Published December 22, 2020
Last Thursday, the Minnesota Public Utilities Commission (PUC) approved an arrangement that will avoid a rate increase for Xcel Energy’s residential customers in 2021.
This fall, Xcel filed a “rate case” — a request to increase their base rates by 20 percent — with the PUC. At the time of filing, though, Xcel said that they preferred an alternative to stay out of a rate case for another year by “truing up” customers’ rates, keeping the company’s revenues consistent while accounting for lower-than-expected sales.
Under the true-up proposal, the main rate rate increase would fall on large commercial and industrial customers to offset declining sales from that class of customers. Sales to residential customers, on the other hand, have increased as people have stayed home during the pandemic, and residential customers would see a small refund under the proposal. Rate cases involve detailed litigation before a judge and typically take at least 12 months to complete, while the true-up proposal could be completed by the PUC in a single hearing.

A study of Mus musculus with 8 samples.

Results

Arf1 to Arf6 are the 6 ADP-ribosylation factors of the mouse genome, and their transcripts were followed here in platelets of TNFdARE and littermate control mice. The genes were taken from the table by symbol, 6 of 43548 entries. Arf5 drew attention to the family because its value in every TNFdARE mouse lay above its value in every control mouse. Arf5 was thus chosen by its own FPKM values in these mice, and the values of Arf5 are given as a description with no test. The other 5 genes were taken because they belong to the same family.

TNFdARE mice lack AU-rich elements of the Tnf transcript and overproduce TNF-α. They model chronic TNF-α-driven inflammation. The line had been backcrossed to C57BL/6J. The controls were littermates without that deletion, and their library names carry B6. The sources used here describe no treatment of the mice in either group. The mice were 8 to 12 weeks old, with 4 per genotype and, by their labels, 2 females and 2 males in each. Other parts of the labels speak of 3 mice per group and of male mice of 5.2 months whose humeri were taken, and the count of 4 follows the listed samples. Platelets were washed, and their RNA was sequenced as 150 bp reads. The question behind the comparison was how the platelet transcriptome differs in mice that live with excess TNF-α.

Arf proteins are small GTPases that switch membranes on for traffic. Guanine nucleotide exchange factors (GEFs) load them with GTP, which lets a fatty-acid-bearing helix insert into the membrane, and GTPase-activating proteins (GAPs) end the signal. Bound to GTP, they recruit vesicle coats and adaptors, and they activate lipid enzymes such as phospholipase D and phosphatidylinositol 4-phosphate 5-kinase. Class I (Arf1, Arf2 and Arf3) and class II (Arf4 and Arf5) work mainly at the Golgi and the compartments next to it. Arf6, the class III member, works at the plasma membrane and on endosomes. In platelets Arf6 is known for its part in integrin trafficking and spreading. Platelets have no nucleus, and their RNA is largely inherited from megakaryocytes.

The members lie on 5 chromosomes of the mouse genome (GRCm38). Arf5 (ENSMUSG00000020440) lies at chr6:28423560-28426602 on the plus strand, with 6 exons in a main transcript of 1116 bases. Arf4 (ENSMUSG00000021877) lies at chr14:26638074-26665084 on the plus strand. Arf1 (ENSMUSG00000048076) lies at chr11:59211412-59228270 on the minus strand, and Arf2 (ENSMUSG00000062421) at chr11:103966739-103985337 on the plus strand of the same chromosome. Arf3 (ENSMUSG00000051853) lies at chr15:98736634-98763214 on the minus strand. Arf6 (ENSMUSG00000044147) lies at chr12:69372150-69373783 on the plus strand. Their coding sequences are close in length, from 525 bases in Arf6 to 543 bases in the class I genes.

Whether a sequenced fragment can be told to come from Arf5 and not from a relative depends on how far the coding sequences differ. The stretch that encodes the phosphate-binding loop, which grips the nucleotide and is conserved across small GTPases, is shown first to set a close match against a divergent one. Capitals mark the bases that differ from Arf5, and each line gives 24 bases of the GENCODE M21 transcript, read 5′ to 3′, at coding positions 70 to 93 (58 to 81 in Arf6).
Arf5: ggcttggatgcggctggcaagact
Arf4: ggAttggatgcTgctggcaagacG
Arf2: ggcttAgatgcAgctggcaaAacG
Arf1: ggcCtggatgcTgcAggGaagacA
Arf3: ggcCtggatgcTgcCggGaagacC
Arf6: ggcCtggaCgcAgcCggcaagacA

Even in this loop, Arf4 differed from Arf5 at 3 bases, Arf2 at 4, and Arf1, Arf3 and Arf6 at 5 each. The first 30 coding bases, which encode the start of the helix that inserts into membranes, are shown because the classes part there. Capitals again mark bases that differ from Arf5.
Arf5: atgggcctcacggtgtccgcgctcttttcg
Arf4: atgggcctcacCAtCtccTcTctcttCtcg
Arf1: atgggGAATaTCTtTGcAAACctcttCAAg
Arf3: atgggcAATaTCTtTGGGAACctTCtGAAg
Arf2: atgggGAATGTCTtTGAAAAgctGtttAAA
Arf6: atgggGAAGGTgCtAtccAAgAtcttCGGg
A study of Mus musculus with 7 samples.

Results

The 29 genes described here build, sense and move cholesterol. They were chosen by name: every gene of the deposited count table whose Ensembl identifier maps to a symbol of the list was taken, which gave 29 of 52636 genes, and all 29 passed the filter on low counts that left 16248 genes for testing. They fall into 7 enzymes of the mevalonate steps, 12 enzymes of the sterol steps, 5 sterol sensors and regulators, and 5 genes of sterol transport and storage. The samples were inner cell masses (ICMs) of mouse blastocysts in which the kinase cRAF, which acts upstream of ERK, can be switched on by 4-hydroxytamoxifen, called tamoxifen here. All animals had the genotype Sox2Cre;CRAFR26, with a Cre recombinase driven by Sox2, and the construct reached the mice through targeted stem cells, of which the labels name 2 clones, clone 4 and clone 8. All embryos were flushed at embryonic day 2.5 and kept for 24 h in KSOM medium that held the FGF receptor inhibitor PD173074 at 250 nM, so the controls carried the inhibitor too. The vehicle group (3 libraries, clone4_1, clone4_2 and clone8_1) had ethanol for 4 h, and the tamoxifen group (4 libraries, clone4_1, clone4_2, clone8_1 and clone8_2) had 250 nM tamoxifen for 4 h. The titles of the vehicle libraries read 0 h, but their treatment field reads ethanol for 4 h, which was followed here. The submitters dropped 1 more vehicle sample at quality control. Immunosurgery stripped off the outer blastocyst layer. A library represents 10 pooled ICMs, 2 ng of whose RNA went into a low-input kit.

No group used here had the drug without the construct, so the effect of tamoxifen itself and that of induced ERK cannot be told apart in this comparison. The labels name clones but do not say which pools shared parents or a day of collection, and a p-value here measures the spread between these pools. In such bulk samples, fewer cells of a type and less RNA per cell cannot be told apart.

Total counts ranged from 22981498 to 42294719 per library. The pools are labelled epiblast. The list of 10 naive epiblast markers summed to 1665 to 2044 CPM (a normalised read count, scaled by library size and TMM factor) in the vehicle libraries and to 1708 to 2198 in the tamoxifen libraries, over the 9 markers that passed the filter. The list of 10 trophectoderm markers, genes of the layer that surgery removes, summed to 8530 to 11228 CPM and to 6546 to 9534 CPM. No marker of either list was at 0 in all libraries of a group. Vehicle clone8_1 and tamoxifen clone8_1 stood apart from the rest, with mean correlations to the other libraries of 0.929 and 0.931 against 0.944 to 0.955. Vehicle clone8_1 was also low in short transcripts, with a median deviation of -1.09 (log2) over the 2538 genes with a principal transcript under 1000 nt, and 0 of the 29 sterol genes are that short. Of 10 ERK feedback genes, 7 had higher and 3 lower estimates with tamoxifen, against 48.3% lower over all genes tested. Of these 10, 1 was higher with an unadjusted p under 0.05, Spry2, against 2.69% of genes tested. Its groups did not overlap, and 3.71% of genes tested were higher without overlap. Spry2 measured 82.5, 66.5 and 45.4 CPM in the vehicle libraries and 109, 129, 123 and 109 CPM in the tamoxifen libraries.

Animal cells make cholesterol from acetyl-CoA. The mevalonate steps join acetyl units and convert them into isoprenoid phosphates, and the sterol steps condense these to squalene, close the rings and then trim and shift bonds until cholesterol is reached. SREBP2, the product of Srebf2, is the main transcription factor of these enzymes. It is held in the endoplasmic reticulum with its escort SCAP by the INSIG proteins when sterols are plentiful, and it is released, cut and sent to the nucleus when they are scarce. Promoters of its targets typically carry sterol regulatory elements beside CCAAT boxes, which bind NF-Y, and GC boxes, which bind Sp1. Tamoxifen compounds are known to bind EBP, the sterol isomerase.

Advocates for residential and small businesses, including the Attorney General’s Office and the Energy CENTS Coalition, supported the stay-out proposal. Representatives of large commercial and industrial customers opposed it and asked the PUC to move forward with Xcel’s rate case. The state Department of Commerce argued that Xcel shareholders should cover a portion of the cost of Xcel’s true-up proposal for large customers.
Through three days of questioning and deliberation, the PUC sought a solution that avoided a rate increase for residential customers — particularly important during the pandemic — while reducing the impact on large customers.
Xcel offered substantial compromises and the commission eventually settled on a package under which Xcel agreed to withdraw its rate case. Beyond its initial proposal, Xcel agreed to cap its earnings and not earn a return on equity higher than 9.06 percent. In addition, Xcel shareholders will cover the entire $17.5 million cost of a proposal to forgive past-due bills of those customers who are the farthest in debt, rather than passing costs to ratepayers. Shareholders will also bear the costs of bad debt: overdue bills that will not be paid back due to the pandemic, currently estimated at $20 million.
Residential customers can expect small credits on their electric bills next year. Base rates — the basic service charge and energy charge per kilowatt-hour — will remain unchanged. (Other line items on electricity bills, however, could still be adjusted throughout the year.) Xcel expects to return with another rate increase request for the start of 2022.